Whether they fished for sport, subsistence or to make a living, Amy Gulick asked every person in her new book the same question — what do salmon mean to you?
Gulick, the writer and photographer behind “The Salmon Way: An Alaska State of Mind,” said regardless of where she was in Alaska or who she surveyed, she heard extremely similar answers.
“The cool thing was, at the end of all my research, if you were to read everybody’s answers, or blindfold yourself and listen to everybody’s answers, you wouldn’t know who they were,” Gulick said in an interview with the Capital City Weekly while in town to promote her book. “Everyone was pretty much giving me the same answer. The word cloud would be something like, ‘family, community, culture, connection to a home stream, connection to the land, connection to a very valued way of life.’”
She said occasionally asking about the meaning of salmon would be too abstract for people, so she would ask them to imagine what life would be like without salmon.
Gulick said respondents typically said they would lose a sense of community or a fundamental part of their identity.
Losing salmon isn’t a hypothetical for Gulick, who is a resident of Washington state, where salmon runs have plummeted.
“I’ve always been very intrigued that Alaska is still a place and probably the best place and really probably the only place left in the world where the lives of people and salmon are linked, and that’s really the relationship I set out to explore and celebrate in the book. ” Gulick said.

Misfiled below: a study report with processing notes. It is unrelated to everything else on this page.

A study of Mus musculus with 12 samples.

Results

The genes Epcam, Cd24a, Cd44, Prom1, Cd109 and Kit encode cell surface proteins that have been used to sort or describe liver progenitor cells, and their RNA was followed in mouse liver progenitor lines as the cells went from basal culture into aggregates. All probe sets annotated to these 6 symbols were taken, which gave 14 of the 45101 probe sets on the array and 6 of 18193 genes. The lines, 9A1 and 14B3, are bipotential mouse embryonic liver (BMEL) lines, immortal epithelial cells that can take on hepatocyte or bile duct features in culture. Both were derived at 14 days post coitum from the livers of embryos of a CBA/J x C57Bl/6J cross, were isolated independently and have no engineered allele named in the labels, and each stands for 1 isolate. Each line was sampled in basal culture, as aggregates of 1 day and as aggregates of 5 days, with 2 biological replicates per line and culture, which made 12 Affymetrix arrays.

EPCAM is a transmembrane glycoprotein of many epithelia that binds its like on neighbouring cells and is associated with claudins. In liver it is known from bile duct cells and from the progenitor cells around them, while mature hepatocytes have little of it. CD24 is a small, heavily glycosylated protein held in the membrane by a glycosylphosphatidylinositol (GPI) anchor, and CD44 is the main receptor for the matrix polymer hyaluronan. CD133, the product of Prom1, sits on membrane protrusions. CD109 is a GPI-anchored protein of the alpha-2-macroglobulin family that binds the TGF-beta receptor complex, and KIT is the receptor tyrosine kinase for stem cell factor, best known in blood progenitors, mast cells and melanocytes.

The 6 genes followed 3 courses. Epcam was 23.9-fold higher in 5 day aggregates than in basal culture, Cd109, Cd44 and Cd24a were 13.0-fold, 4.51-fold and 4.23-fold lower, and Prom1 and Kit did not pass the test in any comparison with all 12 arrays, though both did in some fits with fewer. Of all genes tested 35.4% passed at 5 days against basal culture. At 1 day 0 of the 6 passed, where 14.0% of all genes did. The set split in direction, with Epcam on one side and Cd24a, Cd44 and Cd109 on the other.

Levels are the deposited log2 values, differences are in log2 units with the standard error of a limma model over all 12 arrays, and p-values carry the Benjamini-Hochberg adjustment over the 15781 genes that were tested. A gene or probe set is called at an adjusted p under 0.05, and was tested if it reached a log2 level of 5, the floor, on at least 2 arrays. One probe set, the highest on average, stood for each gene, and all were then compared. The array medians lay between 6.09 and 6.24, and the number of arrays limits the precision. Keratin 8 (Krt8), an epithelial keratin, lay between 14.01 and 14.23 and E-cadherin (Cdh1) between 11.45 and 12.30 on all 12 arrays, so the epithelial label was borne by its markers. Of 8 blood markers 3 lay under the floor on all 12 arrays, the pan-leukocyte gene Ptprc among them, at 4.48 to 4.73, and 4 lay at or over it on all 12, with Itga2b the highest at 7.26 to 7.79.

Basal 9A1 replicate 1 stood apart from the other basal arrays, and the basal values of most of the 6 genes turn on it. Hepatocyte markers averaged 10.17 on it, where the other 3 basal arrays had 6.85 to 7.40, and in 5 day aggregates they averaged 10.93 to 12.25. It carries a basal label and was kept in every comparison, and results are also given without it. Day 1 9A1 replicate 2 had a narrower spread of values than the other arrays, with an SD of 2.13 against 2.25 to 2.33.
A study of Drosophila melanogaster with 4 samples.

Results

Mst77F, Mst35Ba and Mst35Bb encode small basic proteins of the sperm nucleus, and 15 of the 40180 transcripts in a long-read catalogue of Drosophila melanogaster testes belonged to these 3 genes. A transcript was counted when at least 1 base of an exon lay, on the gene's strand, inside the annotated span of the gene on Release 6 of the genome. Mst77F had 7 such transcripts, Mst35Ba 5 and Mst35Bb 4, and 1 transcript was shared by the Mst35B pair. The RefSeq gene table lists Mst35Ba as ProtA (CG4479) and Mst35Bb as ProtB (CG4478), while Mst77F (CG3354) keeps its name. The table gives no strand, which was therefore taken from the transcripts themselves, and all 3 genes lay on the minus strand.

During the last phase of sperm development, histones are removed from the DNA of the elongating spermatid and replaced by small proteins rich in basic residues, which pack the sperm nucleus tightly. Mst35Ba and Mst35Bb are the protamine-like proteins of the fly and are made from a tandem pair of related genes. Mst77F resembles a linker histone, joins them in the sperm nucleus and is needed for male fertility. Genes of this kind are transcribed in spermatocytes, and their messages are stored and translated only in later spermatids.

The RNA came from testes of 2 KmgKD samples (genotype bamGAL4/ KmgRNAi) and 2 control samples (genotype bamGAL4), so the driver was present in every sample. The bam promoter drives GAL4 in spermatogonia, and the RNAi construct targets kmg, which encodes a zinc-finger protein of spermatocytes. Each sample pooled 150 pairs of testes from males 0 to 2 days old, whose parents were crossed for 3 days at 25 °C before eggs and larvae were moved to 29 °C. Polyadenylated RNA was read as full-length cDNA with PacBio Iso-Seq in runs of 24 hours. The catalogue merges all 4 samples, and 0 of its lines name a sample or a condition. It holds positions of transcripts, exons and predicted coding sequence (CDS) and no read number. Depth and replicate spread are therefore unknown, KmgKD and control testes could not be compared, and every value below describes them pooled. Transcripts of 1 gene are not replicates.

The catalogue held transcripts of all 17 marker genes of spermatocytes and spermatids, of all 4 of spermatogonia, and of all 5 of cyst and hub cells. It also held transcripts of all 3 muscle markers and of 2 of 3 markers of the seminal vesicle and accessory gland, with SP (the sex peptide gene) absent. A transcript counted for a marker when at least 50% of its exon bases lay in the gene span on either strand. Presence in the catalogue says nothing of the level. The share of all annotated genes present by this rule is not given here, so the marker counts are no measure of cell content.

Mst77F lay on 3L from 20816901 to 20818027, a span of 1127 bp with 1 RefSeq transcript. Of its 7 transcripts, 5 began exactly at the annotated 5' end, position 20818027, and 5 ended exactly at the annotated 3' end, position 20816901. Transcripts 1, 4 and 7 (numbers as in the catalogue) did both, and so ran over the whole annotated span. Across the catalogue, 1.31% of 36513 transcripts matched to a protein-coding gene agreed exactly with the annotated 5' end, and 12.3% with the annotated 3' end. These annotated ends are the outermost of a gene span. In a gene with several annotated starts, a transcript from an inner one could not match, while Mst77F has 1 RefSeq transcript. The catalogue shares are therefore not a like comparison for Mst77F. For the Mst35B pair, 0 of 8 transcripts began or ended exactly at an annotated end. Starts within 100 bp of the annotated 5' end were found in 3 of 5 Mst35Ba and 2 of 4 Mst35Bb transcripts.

Previously, Gulick documented salmon’s connection to just about all organic life in the region in the book, “Salmon in the Trees: Life in Alaska’s Tongass Rain Forest.”
She said “The Salmon Way” took about five years from conception to completion.
Gulick, who does not fish commercially and grew up in the Midwest, said the reason she feels drawn to salmon as a subject matter is that the fish tell a deeply human story.
She said salmon display an indomitable will to live and perseverance in the face of predators as they leave their home streams for the ocean only to return later and pass on their genes.
“I think in salmon, we see ourselves,” Gulick said. “When I look at salmon, and I look at their journey, I think of my own journey, and I think about how short my time is here. I think on a fundamental level, we all want our life to have meaning —whether they do or not.”
“They’re totally a metaphor for our lives,” Gulick said.
Additionally, she said in the communities that are still home to salmon, they’re a binding agent.
“Regardless of who you are in Alaska, commercial or sport, Alaska Native, subsistence, personal use, I think all of those groups of people have a lot more in common than they think they do,” Gulick said. “I hope that people can see that anyone who has a relationship with salmon that there are more commonalities than differences. We need to be fighting for salmon, not fighting over salmon. I think that’s key.”
• Contact reporter Ben Hohenstatt at (907)523-2243 or firstname.lastname@example.org. Follow him on Twitter at @BenHohenstatt.